Silver Falls State park is Oregon's largest state park at 9,064 acres. Located twenty-six miles
    from Salem, surrounded on three sides by farmland, and flanked to the east by the Cascade
    Range, this temperate rainforest shrouds you with the feeling of another world.

    Within the park boundaries, more than thirty miles of trails meander through Douglas fir,
    hemlock, and cedar stands footed by a forest floor carpeted with ferns, mosses, and
    wildflowers. Encompassing five waterfalls greater than 100 feet, the popular Trail of Ten Falls
    takes visitors past six waterfalls and behind four.This park is an Oregon treasure.

    Prior to becoming state park property,
    Silver Falls was host to a variety of en-
    deavors. Spurred by widespread logging,
    a small town called Silver Falls City once
    sat atop South Falls—its gradual demise
    mimicking that of the timber industry.
    Despite the fact that much of the land
    was cleared, still, locals explored, camp-
    ed, and picnicked in the extraordinary
    world around the creeks and falls, while
    yet others seized opportunity to make a
    buck. D.E. Geiser, who owned the
    spectacular 177-foot South Falls,
    charged a dime admission to view the
    falls and a quarter to witness stunts
    which included not only pushing old cars off the falls, but once involved sending the daredevil
    Al Faussett over the drop in a covered canoe. Yet another property owner ran a honky-tonk
    along the park’s border, while still one more “entrepreneur” blared music that resonated
    through the canyon.

    Beginning on March 21, 1931, under the guidance of Parks Superintendent, Samuel H.
    Boardman, the state began acquiring land in the Silver Falls area. One of the first purchases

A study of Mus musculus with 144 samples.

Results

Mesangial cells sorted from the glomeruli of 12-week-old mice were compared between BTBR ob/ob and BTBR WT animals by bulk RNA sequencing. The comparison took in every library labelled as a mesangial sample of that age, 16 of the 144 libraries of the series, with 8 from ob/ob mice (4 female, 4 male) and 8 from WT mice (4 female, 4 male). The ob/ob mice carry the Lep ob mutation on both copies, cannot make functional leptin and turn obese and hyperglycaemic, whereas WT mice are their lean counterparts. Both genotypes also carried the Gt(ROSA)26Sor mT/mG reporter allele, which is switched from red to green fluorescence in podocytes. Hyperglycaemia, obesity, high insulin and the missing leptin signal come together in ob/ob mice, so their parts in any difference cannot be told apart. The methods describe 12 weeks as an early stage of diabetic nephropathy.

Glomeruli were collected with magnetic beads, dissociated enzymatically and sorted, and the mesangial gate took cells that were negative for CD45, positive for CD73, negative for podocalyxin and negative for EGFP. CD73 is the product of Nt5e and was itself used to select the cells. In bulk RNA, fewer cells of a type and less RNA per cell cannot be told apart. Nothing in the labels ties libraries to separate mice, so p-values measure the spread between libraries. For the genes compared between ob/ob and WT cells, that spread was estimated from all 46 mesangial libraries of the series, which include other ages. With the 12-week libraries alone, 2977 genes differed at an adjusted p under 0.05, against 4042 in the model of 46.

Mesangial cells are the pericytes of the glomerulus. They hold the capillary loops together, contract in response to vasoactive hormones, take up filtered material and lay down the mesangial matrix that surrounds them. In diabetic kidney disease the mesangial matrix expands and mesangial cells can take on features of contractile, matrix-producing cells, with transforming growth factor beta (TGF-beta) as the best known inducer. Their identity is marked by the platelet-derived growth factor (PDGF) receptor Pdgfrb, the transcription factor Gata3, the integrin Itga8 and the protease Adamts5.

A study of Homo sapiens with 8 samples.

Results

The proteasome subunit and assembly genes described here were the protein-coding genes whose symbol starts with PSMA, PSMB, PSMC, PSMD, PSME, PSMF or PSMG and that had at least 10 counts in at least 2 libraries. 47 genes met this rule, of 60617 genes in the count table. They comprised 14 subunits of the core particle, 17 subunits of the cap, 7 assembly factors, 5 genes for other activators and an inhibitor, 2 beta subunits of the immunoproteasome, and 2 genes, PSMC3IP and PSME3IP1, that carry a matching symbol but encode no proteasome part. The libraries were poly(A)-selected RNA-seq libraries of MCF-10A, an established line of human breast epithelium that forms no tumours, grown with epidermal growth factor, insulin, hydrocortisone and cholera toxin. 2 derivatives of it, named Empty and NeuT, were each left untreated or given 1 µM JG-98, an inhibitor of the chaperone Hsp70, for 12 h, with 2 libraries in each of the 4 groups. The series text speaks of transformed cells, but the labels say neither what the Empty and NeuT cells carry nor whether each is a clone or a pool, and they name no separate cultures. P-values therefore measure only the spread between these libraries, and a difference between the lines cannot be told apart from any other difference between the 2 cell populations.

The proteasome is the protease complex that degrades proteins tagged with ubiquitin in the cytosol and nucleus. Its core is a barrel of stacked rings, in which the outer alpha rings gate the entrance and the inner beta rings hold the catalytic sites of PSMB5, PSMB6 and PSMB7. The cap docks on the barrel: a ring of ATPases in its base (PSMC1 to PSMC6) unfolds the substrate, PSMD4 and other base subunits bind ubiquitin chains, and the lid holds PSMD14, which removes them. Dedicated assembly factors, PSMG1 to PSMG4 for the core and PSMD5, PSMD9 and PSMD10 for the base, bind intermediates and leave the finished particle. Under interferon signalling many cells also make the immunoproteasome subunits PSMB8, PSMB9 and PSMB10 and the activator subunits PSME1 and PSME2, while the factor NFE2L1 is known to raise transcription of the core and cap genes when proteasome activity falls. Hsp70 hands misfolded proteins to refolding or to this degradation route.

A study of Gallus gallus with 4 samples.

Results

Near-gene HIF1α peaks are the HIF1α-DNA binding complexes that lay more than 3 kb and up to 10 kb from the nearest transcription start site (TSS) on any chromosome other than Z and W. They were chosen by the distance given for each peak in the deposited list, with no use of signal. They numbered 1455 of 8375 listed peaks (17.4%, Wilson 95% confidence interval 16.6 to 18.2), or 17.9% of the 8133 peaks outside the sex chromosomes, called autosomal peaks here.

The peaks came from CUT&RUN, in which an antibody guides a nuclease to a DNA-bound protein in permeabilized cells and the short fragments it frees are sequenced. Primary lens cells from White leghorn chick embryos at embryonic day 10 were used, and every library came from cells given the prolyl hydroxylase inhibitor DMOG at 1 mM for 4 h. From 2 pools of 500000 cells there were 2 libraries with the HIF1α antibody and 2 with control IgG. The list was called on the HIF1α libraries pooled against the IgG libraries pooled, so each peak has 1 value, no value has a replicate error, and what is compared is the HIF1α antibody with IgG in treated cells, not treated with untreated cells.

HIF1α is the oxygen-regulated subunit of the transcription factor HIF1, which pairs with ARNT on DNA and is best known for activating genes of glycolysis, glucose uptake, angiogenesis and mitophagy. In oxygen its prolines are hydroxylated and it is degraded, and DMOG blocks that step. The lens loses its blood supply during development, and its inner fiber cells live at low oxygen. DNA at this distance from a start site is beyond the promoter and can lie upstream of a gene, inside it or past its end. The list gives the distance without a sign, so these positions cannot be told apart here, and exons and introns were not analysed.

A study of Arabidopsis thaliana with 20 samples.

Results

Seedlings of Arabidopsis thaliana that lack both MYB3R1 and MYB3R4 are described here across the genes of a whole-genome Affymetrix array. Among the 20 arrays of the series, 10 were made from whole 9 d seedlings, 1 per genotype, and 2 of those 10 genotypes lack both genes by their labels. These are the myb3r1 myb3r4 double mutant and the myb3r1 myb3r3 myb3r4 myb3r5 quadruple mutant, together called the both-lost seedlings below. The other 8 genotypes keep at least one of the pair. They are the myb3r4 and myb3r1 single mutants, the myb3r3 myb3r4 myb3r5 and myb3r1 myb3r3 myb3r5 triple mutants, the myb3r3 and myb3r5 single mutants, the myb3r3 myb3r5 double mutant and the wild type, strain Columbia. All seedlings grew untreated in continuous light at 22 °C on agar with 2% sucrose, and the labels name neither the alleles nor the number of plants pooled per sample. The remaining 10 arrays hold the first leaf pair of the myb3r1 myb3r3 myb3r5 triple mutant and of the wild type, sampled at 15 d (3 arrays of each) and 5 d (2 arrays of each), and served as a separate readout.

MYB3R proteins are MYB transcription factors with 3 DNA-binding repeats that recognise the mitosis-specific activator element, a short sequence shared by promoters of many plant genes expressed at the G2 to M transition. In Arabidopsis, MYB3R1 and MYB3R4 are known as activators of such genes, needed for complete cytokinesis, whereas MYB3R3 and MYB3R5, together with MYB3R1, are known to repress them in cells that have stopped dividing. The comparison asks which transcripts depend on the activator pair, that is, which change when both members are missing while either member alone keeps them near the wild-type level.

was Geiser’s 100 acres, including South Falls: “This was the nest egg which hatched into a
    completed Silver Falls State Park,” Boardman later wrote. Members of the Salem Chamber of
    Commerce had become interested in the park project following years of tireless promoting by
    Silverton photographer, June Drake—who is today widely held as “the spark that brought about
    this great park.” Further acquisitions continued between 1931 to 1945 in the form of both
    purchases and gifts, and on July 23, 1933, the park was officially dedicated.

    The size of Silver Falls State Park multiplied in 1948 and 1949 when the federal government
    deeded nearly 6,000 acres of land, via the National Park Service, to the state of Oregon for
    recreational purposes. The land (like the Presidential retreat, Camp David) had been a
    Recreational Demonstration Area. It was adopted by the National Park Service during the New
    Deal era of Franklin D. Roosevelt in order to restore the lands to their original state, and to
    provide recreational opportunities to families and deprived youth through the formation of
    camps. Land continued to be acquired with another inclusion in 1984, when Leo Cieslak
    bequeathed 160 acres and, more recently, in 2006 when the department purchased an
    additional 365 acres on the north boundary of the park from the DeSantis family to make the
    total park acreage grow to over 9,000 acres.

    While the Great Depression devastated much of the country, the development of Silver Falls’
    trails, forest restoration, and buildings came into being as a result of President Franklin
    Roosevelt’s creation of the Civilian Conservation Corps (CCC), and Works Progress
    Administration (WPA). In 1935, CCC Camp Park No. 9 opened and 200 workers, along with
    WPA craftspeople and artisans, began a seven-year transformation of the park that visitors
    continue to enjoy today.

    Samuel Boardman, recognized as the father of Oregon State Parks, said it best: The value of
    Silver Falls State Park can never be “…measured in monetary values for there is no yardstick
    for computation, neither is there a way to evaluate the spiritual and recreational values.”

    *Adapted in part from an article by Christine Barnes.

Civilian Conservation Corps at SFSP
The Historic South Falls Lodge was one
of the original structures built by the C.C.C.
in 1940. The lodge was hand built with raw  
materials taken from the park. The tables
you see there today were constructed with
two Myrtle wood trees (California Laurel).
The South Falls Lodge served as a
restaurant from 1946 to late 1950's when it
was closed. It was restored and re-opened
in 1978. Today it is used for visitor
information, Interpretive events, upstairs
office space, and it houses the cafe.